Written for Coursera (MOOC) Class ‘Global Sustainable Energy, Past, Present and Future‘ by University of Florida (June 2013).
Greenhouse gas emissions have caused atmospheric concentrations to rise to unprecedented levels. Consumption of fossil fuels at an extremely high rate during industrialisation is the cause of this environmental shift. It has destablised the natural processes which maintain balance in the environment.
Some of the consequences of this change include: predominantly higher temperatures, melting ice sheets and glaciers, sea level rise and more frequent extreme weather events. These all affect life on earth and alter the ecosystems which support it.
In terms of direct human impact, low lying coastal regions are under threat, including major cities like Miami, New York and London, as well as many small island groups such as Tuvalu and the Marshall Islands.
The perpetrators of climate change and the subsequent degradation of habitats, human and other, are not always on the receiving end of the worst effects. Furthermore, the direct link between GHG emission at source and climatic event has been difficult to quantify, until very recently.
Protection of the environment is only now being enshrined in law in a meaningful way, by creating economic mechanisms for compensation. However, as these measures bed in and are refined, how well will the tariffs match the needs?
In his book ‘Sustainable Energy Without the Hot Air’, Professor David MacKay provides some startling graphs illustrating these emission sources.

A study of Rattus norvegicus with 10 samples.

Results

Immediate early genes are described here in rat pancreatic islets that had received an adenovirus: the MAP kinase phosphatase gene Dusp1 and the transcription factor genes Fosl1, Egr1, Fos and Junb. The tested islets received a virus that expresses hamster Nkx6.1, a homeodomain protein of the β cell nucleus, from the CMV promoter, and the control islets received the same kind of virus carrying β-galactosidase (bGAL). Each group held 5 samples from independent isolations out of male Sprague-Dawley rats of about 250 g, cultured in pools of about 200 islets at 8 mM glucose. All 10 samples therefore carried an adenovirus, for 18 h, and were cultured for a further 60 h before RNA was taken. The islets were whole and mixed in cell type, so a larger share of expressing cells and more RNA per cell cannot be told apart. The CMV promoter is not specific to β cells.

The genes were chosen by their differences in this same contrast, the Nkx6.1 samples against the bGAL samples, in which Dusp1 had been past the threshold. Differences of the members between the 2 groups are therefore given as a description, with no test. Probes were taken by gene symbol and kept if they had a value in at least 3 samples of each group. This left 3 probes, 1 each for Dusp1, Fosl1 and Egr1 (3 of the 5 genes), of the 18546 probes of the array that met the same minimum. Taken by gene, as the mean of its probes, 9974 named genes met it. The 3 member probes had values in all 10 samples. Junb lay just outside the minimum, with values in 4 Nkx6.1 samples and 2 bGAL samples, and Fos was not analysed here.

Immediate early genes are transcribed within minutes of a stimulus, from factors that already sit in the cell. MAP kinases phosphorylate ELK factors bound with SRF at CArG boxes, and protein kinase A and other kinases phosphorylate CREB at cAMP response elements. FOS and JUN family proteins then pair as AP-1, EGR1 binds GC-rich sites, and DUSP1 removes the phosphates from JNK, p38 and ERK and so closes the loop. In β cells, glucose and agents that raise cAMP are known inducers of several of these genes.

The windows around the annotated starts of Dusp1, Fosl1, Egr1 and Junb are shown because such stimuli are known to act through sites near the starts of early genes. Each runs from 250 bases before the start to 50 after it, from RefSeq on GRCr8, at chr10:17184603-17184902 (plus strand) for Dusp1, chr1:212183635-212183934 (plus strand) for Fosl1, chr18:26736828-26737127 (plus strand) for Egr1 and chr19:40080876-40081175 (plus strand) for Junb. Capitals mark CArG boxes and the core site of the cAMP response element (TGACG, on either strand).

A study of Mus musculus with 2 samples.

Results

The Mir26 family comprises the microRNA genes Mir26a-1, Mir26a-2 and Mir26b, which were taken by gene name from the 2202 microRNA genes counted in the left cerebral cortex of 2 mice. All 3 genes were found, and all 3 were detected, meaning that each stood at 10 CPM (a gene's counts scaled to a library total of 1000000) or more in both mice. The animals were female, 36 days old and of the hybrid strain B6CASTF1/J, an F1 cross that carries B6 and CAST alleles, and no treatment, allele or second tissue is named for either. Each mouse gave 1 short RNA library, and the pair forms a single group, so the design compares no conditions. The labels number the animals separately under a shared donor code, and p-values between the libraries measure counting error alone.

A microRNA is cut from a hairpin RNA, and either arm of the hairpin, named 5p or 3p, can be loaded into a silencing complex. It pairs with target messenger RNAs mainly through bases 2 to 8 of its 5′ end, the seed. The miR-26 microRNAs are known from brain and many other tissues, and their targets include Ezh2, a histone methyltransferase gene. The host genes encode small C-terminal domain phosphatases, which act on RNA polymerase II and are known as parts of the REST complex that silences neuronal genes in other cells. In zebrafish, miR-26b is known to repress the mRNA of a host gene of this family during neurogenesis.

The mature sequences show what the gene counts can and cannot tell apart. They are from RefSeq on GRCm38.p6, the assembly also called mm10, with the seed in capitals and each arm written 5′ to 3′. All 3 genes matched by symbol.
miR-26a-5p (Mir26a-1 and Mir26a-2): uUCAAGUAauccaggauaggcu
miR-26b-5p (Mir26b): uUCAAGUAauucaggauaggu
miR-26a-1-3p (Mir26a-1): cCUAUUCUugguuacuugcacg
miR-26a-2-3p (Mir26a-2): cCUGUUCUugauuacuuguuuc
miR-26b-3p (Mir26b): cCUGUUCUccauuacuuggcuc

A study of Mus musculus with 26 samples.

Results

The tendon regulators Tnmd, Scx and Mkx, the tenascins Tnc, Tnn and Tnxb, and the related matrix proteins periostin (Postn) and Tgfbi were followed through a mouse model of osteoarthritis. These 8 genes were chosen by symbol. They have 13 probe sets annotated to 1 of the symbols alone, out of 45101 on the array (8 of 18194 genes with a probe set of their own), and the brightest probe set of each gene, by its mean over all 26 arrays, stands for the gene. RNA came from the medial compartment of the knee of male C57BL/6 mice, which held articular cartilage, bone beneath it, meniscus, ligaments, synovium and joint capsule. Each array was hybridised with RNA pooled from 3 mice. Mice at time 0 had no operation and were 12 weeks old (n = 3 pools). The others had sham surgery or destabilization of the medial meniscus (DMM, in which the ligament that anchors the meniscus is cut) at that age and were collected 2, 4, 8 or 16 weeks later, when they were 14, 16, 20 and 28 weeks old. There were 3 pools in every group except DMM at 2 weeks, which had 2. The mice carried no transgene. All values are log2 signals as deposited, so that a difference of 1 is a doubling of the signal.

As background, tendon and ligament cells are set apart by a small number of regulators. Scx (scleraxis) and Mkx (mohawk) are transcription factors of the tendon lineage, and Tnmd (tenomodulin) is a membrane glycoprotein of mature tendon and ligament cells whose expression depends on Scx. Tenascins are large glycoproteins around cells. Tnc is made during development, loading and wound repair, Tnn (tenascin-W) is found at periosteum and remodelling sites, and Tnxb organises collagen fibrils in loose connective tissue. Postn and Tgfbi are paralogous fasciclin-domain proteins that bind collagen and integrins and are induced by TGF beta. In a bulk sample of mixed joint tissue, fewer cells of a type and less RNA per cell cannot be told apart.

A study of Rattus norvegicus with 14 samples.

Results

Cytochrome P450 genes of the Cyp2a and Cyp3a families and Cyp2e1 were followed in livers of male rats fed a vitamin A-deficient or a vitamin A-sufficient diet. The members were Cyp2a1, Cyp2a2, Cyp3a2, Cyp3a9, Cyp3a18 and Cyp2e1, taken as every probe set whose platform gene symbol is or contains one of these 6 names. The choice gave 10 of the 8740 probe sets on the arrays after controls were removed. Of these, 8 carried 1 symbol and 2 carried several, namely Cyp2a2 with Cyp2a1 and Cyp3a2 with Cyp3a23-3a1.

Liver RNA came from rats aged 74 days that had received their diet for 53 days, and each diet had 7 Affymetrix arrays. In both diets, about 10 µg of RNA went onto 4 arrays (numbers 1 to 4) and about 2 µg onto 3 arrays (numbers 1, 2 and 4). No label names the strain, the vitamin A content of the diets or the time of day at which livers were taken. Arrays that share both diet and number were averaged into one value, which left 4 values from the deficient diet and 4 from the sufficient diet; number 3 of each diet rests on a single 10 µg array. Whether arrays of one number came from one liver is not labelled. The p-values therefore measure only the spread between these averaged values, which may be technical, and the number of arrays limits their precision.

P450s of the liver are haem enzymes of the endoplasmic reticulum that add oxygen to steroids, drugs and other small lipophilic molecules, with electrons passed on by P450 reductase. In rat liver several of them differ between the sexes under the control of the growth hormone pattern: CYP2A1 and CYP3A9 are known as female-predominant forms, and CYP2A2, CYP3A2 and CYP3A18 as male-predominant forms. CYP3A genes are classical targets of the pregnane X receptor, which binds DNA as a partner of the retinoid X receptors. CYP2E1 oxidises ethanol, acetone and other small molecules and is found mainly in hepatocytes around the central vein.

Regional GHG emissions in 2000. Each coloured box defined by population against per capita GHG emissions, gives the national emissions total.
National GHG emissions. Here the regional blocks are broken out at national level. Although some Middle East countries top the per capita table, the relatively small populations mean that in global terms their emissions are less significant.
Viewing emissions on an individual basis though, where we take responsibility for our own contribution and being accountable for our environmental impact, Qataris and Kuwaitis have some work to do.
Since the cumulative emissions from decades and even centuries ago persist and affect global warming, should those who have polluted massively in the past be held to account, and contribute accordingly to adaptation funds?
Professor MacKay’s graph of Historic GHG emissions highlights the contribution from early industrial powerhouses such as the UK and Germany, as well as the USA. It seems fair that some degree of compensation is paid for historic emissions which persist and contribute to current GHG levels.